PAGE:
The film is Melancholia, starring Kirsten Dunst in a role that won her Best Actress at Cannes 2011. You should see it. Technically, it's about the end of the world, courtesy rogue planet.
|When worlds collide... it's really a bummer.|
There. With that out of the way, I can try to go into detail. I recently tried to explain to several friends why they should see this film, but the more I talked, the less I made sense. Nonetheless, here's my decidedly amateur review. If you want to take this time to go take a bathroom break or get a snack, I won't blame you.
Meanwhile, it's revealed that a rogue planet, dubbed Melancholia, is passing through the solar system. Astronomers claim that it will pass close to the Earth, but not collide. The remainder of the film takes place here, as Claire tries to pull Justine out of her catastrophic (and at first catatonic) depression, Claire's young son excitedly prepares for the arrival of Melancholia, Claire's husband keeps more or less to himself, and Claire worries that the astronomers may be wrong. As Melancholia approaches, Justine somehow emerges from her own melancholia, even as Claire descends into terror and hopelessness. At first, Melancholia does appear to miss Earth, but relief is short-lived. Claire's worst fears are realized, as the characters prepare for the inevitable end. Before you get pissed at me for spoiling the ending, here's the synopsis on Wikipedia. As a matter of fact, the destruction of Earth is illustrated in the opening credits (spoiler warning!) And that's because, in a way, this really isn't a disaster movie at all (which is the main reason you won't see me launching into a geeky dissection of the believability of the physics in the film.)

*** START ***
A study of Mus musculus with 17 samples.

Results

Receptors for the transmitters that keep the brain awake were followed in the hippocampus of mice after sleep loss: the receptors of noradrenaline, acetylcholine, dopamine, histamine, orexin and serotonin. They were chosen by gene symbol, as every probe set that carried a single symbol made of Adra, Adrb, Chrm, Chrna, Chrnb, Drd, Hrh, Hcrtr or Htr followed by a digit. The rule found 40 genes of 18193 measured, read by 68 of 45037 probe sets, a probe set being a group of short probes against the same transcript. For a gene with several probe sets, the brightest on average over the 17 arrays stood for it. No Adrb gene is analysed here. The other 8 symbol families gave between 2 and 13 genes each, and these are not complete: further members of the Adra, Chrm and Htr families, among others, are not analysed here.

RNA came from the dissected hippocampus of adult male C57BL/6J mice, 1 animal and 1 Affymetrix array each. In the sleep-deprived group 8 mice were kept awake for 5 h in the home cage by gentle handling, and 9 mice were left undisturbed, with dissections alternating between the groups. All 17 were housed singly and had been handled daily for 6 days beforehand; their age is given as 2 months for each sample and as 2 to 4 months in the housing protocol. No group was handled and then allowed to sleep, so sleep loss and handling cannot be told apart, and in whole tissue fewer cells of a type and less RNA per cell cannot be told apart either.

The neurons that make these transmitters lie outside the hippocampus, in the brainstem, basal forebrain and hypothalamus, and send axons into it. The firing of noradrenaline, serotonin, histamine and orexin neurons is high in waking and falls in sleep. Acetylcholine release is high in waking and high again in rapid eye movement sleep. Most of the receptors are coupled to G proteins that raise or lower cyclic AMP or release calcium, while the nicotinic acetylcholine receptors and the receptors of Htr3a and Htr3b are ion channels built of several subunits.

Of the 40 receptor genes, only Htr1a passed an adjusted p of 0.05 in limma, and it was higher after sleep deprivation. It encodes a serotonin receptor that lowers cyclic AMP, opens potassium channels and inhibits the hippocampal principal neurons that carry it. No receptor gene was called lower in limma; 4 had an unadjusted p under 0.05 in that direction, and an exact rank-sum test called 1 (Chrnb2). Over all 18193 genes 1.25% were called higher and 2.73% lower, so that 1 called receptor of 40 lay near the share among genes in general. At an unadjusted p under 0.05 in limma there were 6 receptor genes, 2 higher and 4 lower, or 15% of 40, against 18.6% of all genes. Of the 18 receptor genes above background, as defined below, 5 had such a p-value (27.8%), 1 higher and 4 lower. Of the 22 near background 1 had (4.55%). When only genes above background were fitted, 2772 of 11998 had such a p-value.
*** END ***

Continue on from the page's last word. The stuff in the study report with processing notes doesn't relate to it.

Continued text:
Notably, unlike any disaster film you've ever seen, there are no far-flung groups of protagonists, no shots of locales around the world preparing for the event, indeed, nothing at all outside the boundaries of Justine's brother-in-law's villa. And in a way, that's what makes the drama really shine. The actors don't have to compete with burning cities or panicked multitudes in the midst of a societal collapse. They are the only things seen breaking down, their various human frailties highlighted in aching detail. And ultimately, that's the meat of the film. The thing that strikes me most (hah) about Melancholia is that it really isn't about the story at all, it's about, well, melancholia. Every part of the film illustrates a different aspect of depression, with metaphors popping out like plastic rodents in a whack-a-mole game. The clueless and thoughtless comments of the family and wedding guests, the crushing weight of the titular planet, Justine's knowing hopelessness, Claire's descent to panic, even the cloud-painted sky and dark forest surrounding the location, all serve to paint a vivid and multifaceted portrait of depression.
In a sense, the plot of Melancholia is irrelevant. It's a thing, not a process. If you asked a sculptor to sculpt "brooding contemplation," you might get The Thinker. If you asked a painter to paint "the horror of war," the result might be Guernica. And when a director illustrates depression on film, the result is Melancholia. Whether or not that's something you want to see, well, that's up to you. Personally, I loved it (but then, I always was the melancholy sort).